After hearing nearly five hours of testimony and closing arguments, U.S. District Judge Nanette Laughrey said Monday the lawsuit about Linn State Technical College's drug testing policy is "a very interesting case, and I look forward to working on it."
Laughrey added: "I hope to give the college some guidance this fall."
But she didn't promise to have a ruling before classes start late next month.
The veteran federal judge heard final arguments Monday in the nearly 2-year-old case challenging Linn State's June 2011 decision to require drug tests of all incoming students.
"It is something I see as prevalent in the workforce," John Klebba, president of Linn State's Board of Regents, testified Monday afternoon. "It is something that (students) will see in the workforce, and we want them to be prepared for it."
In November 2011, the ACLU for Eastern Missouri sued Linn State on behalf of several students who objected to the policy.
"I disagree that the trend is toward more drug-testing," Anthony Rothert, the ACLU's legal director, told the News Tribune after Monday's hearing. "I actually think it's toward less. But private employers aren't bound by the (U.S. Constitution's) Fourth Amendment - and I think that's the problem.
"The college has forgotten that it's a public institution."
That amendment protects "the right of the people to be secure ... against unreasonable searches and seizures."
Rothert noted he's arguing the case as a class action on behalf of all Linn State students, that the school is "a government institution doing a suspicionless test. They need to prove some kind of special need, that makes the rules of the Fourth Amendment not apply."
Kent Brown, the Jefferson City attorney who represents Linn State, said after Monday's hearing that the school's students "chose to go to a vocational-technical school. The vast majority of students there operate heavy equipment, work with dangerous chemicals or electricity in a way that can do great bodily harm not only to themselves, but to the public who might be walking by or driving by."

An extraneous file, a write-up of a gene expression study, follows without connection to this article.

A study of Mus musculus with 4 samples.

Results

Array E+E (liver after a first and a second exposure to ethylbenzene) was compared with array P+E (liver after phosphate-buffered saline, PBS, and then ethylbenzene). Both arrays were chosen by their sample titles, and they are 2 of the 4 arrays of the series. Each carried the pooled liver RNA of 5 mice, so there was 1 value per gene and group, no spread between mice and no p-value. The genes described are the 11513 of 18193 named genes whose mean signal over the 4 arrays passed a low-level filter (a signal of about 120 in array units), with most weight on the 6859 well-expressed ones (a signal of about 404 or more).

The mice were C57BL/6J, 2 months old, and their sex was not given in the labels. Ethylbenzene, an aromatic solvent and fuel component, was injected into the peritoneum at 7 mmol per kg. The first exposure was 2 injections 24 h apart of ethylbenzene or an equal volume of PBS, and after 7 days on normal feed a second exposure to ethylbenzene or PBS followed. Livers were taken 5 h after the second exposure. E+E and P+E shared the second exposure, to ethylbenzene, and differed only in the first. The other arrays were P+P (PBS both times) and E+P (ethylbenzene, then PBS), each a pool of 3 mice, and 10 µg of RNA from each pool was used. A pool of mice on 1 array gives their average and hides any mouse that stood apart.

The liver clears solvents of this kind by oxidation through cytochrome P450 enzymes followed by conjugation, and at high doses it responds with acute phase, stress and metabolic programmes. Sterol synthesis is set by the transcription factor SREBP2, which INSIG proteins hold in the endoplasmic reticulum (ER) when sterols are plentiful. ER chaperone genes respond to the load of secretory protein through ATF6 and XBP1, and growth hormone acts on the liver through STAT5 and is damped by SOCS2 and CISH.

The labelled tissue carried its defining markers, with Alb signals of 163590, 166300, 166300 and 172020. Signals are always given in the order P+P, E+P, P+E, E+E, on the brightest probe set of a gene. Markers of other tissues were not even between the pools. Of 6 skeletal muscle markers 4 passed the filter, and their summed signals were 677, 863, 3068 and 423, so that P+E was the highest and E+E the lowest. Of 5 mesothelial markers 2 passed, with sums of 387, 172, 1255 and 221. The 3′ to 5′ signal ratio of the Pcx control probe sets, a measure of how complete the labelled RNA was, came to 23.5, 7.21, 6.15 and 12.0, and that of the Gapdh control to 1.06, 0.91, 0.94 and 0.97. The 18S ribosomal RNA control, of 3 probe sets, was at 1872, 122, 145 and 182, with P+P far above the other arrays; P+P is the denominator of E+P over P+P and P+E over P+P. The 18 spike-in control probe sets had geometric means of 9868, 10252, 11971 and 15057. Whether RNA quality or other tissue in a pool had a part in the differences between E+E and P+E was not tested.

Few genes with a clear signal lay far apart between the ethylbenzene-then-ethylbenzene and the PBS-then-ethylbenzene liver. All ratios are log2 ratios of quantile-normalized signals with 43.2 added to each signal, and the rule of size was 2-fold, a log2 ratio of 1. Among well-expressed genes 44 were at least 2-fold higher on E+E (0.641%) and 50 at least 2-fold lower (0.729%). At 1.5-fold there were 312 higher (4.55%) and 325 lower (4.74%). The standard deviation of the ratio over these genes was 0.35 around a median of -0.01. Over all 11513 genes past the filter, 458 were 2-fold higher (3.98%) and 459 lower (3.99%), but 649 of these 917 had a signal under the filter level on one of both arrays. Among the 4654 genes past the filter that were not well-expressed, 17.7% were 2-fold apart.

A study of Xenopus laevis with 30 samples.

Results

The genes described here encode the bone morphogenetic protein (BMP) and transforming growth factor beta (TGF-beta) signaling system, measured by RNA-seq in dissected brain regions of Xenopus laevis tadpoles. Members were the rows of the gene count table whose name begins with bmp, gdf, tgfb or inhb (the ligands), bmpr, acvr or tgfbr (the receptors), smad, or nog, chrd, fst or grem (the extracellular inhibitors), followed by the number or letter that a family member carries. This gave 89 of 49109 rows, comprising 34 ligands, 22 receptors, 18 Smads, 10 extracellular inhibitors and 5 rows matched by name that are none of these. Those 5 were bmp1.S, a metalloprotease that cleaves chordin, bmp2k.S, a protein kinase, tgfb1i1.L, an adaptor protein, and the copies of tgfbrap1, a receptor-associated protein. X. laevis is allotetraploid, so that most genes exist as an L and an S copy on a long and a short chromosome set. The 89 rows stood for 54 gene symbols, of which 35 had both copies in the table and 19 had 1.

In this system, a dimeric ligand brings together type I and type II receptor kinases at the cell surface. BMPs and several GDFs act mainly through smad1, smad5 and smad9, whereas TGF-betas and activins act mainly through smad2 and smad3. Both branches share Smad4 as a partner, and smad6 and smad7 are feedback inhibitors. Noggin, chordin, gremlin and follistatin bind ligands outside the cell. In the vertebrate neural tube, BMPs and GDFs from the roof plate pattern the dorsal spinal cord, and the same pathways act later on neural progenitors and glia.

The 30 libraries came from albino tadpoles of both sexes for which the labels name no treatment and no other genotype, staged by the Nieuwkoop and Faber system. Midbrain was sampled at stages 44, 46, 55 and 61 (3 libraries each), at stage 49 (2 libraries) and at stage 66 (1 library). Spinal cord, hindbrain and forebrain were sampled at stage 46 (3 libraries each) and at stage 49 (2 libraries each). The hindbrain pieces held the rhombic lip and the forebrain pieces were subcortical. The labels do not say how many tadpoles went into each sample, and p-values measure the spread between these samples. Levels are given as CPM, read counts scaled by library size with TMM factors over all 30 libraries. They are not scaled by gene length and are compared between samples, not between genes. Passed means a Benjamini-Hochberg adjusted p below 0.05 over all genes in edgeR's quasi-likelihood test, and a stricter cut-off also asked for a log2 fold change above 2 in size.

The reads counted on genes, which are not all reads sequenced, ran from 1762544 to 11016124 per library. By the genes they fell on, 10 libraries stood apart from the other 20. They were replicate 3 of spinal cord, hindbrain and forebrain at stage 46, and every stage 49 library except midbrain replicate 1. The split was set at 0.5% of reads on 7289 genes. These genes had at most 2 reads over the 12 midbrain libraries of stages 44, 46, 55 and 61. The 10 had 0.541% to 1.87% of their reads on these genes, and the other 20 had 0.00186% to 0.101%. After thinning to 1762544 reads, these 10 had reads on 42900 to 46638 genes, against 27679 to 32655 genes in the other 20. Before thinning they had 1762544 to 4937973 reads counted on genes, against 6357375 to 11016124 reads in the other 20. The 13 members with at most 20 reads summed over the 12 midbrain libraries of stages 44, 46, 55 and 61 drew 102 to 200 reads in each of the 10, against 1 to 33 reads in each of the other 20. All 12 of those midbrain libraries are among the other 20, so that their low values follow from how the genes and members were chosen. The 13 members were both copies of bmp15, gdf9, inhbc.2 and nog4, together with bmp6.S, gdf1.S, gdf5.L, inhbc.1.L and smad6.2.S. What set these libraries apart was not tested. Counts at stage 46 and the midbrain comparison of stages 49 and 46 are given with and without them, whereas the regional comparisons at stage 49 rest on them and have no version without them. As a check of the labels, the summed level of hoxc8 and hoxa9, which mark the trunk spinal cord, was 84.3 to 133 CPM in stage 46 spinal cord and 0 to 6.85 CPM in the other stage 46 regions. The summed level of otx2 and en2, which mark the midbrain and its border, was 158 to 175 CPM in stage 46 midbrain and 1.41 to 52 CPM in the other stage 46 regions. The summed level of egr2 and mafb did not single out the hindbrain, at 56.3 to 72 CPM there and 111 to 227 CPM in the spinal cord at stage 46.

Rothert told Laughrey during closing arguments that Linn State hadn't proved a special need for drug-testing any student in any of the school's 30 programs.
"At least half the programs, they didn't even try to prove it," he said in an interview, naming classes like as computer science, drafting and business systems, "where no one's posing a risk to anyone."
Linn State's regents said two years ago they adopted the drug-testing policy in accordance with previous U.S. Supreme Court rulings that require technical and dangerous vocations to screen for drug use.
Richard Pemberton, Linn State's associate dean for Student Affairs and a former Jefferson City High School principal, testified he wasn't aware of student complaints about the drug-testing policy - other than those made by the half-dozen students the ACLU initially filed the lawsuit for.
Both sides believe Linn State is the first school in the nation to approve a drug-testing policy for all students.
Rothert said people enrolling college have an expectation of privacy and don't expect drug testing.
"I think just as significant is that this policy has been going on for two years - and no one has joined Linn State, either, in trying to implement drug-testing for all students," he said.
Brown noted the type of vocational-technical school that Lin State is. "That's why students choose to go there, because our graduation and employment rates are very high," he said, "because Linn State identifies and leads in preparing students to, actually, get profitable employment."